About allowances in Scotland

As a result of our pressure, the Scottish Government is currently conducting a review of fostering, kinship care, and adoption allowances, and has convened a working group in which we are involved. After years of campaigning it now looks likely that progress will be made. 

How you can help

As part of this review the Scottish Government has put together a survey about allowances that we urge all foster carers in Scotland to complete. 

Unfortunately there is a glaring omission in the review: continuing care allowances (i.e. those allowances paid to carers looking after a young person whose foster care placement has changed to a continuing care placement once they turn 16 or 18) are NOT included. 

Therefore we would be grateful if you could respond to the consultation and request from the Scottish Government that the review includes allowances for continuing care. Without this safeguard, foster carers risk being out of pocket if offering continuing care to a young person. This could result in the young person having to leave home prematurely, starting their adult life without the security and support of their foster family. 

Take part in the survey.

Thank you for your support!

Background to the campaign

Allowances for foster carers are supposed to cover the costs of looking after a fostered child. In Scotland, these allowances vary widely between local authorities. The Scottish Government’s stated ambition is to ‘make Scotland the best place in the world to grow up.’ We believe that, in order to achieve this, it is vital to ensure that fostered children do not receive different standards of care depending on where in Scotland they live.

A 2016 freedom of information request to all 32 local authorities in Scotland has shown that some foster carers in Scotland received as little as £77.69 per week which meant that they were having to subsidise the care of children on behalf of the local authority. The 2015 announcement by the Scottish Government that kinship carers in Scotland would receive the same allowances as foster carers means that until minimum allowances are introduced they are also condemning kinship carers to the same postcode lottery as foster carers.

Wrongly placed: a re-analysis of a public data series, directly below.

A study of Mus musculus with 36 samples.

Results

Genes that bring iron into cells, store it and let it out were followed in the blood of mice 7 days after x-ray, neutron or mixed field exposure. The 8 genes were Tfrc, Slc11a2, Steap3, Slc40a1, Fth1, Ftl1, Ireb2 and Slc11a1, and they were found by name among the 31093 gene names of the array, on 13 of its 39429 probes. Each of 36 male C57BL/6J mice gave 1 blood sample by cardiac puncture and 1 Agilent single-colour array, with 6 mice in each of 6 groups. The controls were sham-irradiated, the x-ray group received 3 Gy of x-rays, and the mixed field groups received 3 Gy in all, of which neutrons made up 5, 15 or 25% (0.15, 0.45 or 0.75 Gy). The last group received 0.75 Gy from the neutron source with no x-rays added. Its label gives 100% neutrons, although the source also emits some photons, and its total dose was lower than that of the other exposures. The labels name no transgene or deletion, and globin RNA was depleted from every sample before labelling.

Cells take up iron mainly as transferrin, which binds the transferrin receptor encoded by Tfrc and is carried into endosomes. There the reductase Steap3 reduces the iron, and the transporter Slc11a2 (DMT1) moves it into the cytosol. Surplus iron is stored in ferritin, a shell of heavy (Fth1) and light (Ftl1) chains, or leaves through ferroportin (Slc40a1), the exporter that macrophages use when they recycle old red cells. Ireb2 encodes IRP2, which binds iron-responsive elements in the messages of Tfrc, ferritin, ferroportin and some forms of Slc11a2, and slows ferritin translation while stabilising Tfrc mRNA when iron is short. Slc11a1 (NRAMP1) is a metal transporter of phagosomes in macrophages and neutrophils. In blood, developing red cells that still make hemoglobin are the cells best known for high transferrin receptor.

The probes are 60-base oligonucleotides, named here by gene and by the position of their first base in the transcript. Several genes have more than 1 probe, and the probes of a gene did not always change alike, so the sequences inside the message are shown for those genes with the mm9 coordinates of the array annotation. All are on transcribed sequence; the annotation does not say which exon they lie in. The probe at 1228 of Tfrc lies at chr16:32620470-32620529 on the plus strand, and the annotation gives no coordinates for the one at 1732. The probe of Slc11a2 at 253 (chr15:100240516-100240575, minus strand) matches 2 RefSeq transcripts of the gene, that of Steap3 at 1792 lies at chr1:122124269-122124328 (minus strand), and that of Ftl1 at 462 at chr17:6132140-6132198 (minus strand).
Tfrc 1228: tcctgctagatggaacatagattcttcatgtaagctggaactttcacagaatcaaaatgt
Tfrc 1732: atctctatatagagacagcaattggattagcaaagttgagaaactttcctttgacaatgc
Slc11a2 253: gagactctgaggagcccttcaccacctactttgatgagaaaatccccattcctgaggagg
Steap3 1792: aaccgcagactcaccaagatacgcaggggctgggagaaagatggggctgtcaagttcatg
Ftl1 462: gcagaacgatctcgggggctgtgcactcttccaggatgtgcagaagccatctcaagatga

As long ago as 2006, the Scottish Government promised to look into foster care allowances as part of the National Fostering and Kinship Care Strategy consultation. In 2014, in response to the Foster Care Review, the Scottish Government said that they would form a steering group to look into developing a scheme of allowances. In November 2015, the Scottish Government reiterated their commitment to forming a steering group to look into developing a scheme of allowances. In late 2016 there was a reassurance that a working group would be brought together to explore the issue of allowances. However, as yet, despite a decade of promises, there has been no progress and there are no timescales or details.

We believe that the Scottish Government should implement without delay a system of national minimum allowances, which ensures that all foster carers are given an allowance which covers the costs of fostering. We are concerned that the introduction of minimum allowances could be drawn in to the root and branch review of the child care system that is due to take place in Scotland - this must not be allowed to happen as it will delay what has already been committed to.

The issue has received recent press coverage and we have written to all MSPs to inform them of the situation. We are hopeful that the Scottish Government will come into line with the rest of the UK soon.

To find out more about our allowances campaign in Scotland contact our campaigns team.

 

Allowances Survey

While England, Wales, and Northern Ireland all have national minimum allowances set by their respective governments, not all fostering services comply. Therefore every year The Fostering Network checks the allowances paid by all local authorities in England and Wales, and health and social services trusts in Northern Ireland, to ensure they meet national minimum levels, and campaigns for them to be brought up to these levels where they are falling short. 

Read our report about fees and allowances in England.

Read our report about fees and allowances in Wales.

Read our report about fees and allowances in Scotland. 

Additionally during 2016, The Fostering Network conducted a number of different surveys for England which looked at foster carer allowances and payments:

1. Survey of foster carers on allowances and payments (Oct 2016)
2. Annual survey of local authority foster care allowances (Nov 2016)
3. Annual survey of local authority staying put allowances (Nov 2016)
4. Staying put survey (June 2016).

This report looks at the findings from each of the surveys and pulls these together to form an overall picture of allowances in England.